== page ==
It's been a long time coming.
Ethiopian Airlines made its first trip to Eritrea on Wednesday, July 18, after a 20-year border war over disputed land. The BBC reports families divided because of the war will reunite since 1998 when the war officially started and prohibited road and air travel between the two nations.
"It's a golden moment for the two countries and the two people," Former Ethiopian Prime Minister Hailemariam Desalegn, who was one of many on the historic flight, said.
News reports estimate 450 people were on the first flight to Eritrea's capital city, Asmara. The demand was so high for that the airlines flew another plane to Asmara within 15 minutes of the first.
"I'm going back to the place where I grew up. I'm really happy," flight captain Yosef Hailu told the BBC.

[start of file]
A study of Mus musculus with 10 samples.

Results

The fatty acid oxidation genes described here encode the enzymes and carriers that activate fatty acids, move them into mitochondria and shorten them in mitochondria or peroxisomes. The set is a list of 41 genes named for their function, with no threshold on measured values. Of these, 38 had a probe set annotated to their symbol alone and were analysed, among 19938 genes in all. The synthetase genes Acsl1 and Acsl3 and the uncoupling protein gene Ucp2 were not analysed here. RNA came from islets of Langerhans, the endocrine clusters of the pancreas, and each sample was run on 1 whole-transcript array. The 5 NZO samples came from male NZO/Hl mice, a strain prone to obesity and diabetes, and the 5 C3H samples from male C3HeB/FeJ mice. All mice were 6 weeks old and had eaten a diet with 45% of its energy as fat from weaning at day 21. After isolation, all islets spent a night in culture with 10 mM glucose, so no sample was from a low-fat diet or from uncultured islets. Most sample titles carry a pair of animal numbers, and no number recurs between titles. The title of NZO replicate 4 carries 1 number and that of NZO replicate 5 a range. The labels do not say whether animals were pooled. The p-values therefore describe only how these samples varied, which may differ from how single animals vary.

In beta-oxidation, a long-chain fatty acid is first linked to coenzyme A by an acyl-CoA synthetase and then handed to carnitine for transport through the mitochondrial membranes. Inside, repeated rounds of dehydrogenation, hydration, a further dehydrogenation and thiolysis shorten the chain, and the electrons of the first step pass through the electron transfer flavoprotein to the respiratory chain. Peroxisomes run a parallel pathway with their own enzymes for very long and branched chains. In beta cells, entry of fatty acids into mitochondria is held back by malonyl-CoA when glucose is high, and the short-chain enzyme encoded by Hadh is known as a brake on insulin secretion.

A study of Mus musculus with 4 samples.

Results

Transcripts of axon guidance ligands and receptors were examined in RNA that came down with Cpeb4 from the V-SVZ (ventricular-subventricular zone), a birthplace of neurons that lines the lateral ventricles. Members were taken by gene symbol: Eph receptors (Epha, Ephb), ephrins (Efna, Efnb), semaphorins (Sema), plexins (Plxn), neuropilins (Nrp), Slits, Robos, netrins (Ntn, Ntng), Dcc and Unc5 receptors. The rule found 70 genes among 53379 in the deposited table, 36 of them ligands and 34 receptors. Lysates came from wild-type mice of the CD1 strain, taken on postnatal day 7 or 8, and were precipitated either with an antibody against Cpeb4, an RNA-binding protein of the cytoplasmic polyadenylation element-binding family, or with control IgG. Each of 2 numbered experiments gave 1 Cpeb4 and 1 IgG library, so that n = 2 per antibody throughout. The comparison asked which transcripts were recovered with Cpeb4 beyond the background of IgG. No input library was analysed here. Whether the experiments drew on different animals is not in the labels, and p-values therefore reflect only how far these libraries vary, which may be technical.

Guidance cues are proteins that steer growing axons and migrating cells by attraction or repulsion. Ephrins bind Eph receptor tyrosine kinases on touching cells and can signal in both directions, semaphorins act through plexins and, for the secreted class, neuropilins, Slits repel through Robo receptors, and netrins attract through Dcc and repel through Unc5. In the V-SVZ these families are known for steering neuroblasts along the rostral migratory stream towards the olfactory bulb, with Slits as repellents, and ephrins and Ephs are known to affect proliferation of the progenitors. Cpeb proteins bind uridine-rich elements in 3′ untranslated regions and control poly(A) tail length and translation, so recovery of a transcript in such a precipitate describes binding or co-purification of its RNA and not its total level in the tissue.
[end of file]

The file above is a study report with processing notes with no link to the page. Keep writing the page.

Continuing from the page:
The conflict between the two nations dates back to the 1993 secession of Eritrea from Ethiopia. Five years later, the new country and Ethiopia declared war, resulting in a bloody conflict claiming the lives of 80,000 people. United Nations-backed Eritrea claimed the town of Badme, but Ethiopia refused to relent, forcing the clash to last as long as it has.
Peace talks between the two countries made this possible. For almost a month now, Ethiopian Prime Minister Abiy Ahmed and Eritrean President Isaias Afwerki have talked about ending the decades-long conflict. They signed a joint declaration of peace on Sunday, July 8, in Asmara, bringing an end to one of East Africa's most massive refugee crises.
It is a new day with new possibilities.